What’s behind China’s currency devaluation?

China’s central bank, the People’s Bank of China (PBoC) surprised market by announcing it would use a daily fixing rate method to devalue the Yuan (the Renminbi or RMB). This was an historic decision as it signals a possible shift in short-term economic and financial dynamics across the world economy.

It also suggests the Chinese government has begun to address policy inconsistencies, foretelling a new round of policy initiatives designed to restore the economic vitality of the world’s second largest economy.

"China’s trade competitiveness is unlikely to be regained via exchange rate devaluation"
Li-Gang Liu, Chief Economist, Greater China

There were three major factors prompting the change:

  1. A more flexible exchange rate system will allow further monetary easing without needing to maintain exchange rate stability, allowing the PBoC to regain policy independence.
  2. A strong RMB would worsen China’s deflation trend and erode export competitiveness.
  3. The reform will help strengthen the case for the IMF to accept the RMB into its currency basket.

The triggering factor however was China’s struggle with weak exports which have registered negative growth over the past year. In fact the only other time in the past 15 years where exports were weaker was during the global financial crisis. And the outlook is not optimistic given sluggish global trade.

The question that many people will be now asking is whether yesterday’s announcement is just another step in the process of internationalising the RMB or whether China is attempting to create a lower exchange rate to counter a slowing economy and the rising tide of European and Japanese exporters. Clearly both motives at work.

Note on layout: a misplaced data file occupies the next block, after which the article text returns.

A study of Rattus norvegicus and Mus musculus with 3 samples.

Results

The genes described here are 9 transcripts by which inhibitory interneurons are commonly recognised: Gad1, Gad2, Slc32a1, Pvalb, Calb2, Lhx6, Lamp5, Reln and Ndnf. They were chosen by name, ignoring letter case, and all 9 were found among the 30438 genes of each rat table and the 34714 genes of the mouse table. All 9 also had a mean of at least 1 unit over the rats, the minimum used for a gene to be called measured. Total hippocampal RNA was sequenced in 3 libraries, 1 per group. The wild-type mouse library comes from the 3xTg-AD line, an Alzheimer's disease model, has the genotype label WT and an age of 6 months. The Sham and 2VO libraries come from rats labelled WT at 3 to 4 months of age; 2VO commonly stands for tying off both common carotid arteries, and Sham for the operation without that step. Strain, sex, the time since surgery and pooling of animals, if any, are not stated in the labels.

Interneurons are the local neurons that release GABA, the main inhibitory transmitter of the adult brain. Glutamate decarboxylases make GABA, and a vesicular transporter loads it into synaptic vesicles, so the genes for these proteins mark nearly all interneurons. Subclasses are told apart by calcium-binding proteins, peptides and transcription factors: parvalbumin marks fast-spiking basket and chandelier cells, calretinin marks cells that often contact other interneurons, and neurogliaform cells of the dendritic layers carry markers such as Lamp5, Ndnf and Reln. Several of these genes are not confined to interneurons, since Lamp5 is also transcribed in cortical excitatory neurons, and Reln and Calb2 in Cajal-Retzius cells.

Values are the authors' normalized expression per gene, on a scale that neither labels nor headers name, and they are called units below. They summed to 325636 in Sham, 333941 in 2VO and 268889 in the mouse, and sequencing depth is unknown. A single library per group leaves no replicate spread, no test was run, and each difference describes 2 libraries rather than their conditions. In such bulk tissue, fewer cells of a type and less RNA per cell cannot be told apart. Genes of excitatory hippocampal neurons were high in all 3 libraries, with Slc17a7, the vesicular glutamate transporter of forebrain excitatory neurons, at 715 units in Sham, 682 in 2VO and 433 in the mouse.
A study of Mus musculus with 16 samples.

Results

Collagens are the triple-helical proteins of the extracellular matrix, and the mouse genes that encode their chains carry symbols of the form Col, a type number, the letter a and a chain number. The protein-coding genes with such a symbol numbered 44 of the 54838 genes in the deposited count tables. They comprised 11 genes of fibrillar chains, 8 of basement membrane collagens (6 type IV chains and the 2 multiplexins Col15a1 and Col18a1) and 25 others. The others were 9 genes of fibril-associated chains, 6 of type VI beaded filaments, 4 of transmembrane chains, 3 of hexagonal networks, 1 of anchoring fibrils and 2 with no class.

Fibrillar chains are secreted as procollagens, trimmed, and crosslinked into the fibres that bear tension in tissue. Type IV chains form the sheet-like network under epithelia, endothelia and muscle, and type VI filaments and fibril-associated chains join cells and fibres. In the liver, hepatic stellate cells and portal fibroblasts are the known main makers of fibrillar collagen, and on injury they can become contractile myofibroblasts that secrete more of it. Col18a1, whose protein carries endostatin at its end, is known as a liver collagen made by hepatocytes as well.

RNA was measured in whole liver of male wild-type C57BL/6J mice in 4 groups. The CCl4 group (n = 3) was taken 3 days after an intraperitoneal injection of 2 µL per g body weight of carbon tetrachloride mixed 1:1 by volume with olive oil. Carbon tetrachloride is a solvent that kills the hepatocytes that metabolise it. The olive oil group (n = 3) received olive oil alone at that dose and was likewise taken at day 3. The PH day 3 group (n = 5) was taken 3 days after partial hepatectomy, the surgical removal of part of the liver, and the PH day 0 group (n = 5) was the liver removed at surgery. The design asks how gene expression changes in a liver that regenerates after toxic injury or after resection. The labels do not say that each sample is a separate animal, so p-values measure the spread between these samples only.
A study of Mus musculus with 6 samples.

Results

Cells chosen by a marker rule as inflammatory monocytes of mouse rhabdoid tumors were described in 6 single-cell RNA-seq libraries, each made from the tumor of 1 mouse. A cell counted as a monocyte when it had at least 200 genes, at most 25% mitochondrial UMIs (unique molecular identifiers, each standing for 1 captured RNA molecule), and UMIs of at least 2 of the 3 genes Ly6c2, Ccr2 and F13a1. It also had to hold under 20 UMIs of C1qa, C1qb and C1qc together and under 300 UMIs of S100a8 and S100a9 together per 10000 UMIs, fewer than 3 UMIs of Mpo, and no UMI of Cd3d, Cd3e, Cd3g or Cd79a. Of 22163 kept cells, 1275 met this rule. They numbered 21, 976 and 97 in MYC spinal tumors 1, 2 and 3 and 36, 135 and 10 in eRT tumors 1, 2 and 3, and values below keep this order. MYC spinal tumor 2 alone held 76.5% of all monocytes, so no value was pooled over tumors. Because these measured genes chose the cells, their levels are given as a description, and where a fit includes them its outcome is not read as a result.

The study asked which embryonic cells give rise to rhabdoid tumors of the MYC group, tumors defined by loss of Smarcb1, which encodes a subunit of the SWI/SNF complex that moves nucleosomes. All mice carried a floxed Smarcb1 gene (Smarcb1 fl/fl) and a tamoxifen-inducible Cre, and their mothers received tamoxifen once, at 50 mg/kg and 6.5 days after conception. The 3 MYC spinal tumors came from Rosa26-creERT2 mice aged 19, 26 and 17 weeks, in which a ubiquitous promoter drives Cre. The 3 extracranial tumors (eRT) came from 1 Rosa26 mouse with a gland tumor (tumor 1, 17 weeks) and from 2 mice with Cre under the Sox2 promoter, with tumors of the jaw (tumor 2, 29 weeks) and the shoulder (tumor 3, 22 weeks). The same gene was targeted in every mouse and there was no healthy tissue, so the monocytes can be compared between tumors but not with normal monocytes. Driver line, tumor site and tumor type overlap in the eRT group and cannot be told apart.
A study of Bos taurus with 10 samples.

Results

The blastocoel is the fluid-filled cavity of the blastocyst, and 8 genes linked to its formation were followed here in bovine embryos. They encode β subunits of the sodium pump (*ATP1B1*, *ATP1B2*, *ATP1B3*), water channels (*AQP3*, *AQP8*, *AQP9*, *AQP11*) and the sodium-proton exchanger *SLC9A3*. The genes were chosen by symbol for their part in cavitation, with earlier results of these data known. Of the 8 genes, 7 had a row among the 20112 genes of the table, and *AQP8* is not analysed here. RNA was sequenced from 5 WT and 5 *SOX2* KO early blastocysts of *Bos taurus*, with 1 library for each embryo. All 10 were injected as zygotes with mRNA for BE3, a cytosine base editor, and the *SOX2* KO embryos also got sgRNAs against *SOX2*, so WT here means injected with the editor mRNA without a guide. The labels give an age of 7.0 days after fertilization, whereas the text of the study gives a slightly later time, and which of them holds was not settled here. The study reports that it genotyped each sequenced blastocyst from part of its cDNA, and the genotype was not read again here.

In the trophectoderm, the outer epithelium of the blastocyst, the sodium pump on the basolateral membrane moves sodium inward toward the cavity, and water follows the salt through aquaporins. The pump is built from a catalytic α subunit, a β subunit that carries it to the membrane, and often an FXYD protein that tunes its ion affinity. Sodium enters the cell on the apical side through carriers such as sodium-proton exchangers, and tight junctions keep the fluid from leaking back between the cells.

A more flexible exchange rate system will allow further monetary easing and prevent a strong RMB worsening China’s deflation trend and increasing unemployment. Secondly, as the IMF indicated in its initial FDI review, the previous daily fixing rate did not reflect market conditions.

Now that it includes the previous day’s market supply and demand conditions and the changes of key currencies, the RMB’s chance of being accepted in the Special Drawing Rights (SDR) currency basket by year end has improved considerably.

The biggest impact of the change will be on volatility and Asian currencies with the RMB potentially taking on more of an anchor role for regional currencies. Meanwhile, the advances of other Asian currencies will be eroded.

However, China’s large external corporate debt of $US1.6 trillion will serve to guard against a sharp devaluation of the RMB exchange.

Moreover, China’s trade competitiveness is unlikely to be regained via exchange rate devaluation and can only be regained though improvements in technology and sophistication.

A more volatile RMB exchange rate also means China’s onshore foreign currency hedging market is about to take-off, benefiting financial institutions, especially those foreign banks operating in China with product capacity and licenses to operate.

In addition, China’s interest rate liberalisation will require investors to hedge future interest rate uncertainties. Given the size of the Chinese market, foreign banks will definitely have the competitive advantage in this rapidly growing fee-based business.

In August, China’s top leadership congregates in a seaside resort called Beidaihe to avoid the hot summer in Beijing and discuss policy priorities for the remainder of this year and next. Yesterday’s currency changes send an important signal that China’s financial liberalisation and reform are unlikely to be slowed despite the equity market collapse at the end of June. As long as China can continue to engage in difficult structural reforms and financial liberalisation and opening, a debt-led economic hard-landing is unlikely to occur.

The views and opinions expressed in this communication are those of the author and may not necessarily state or reflect those of ANZ.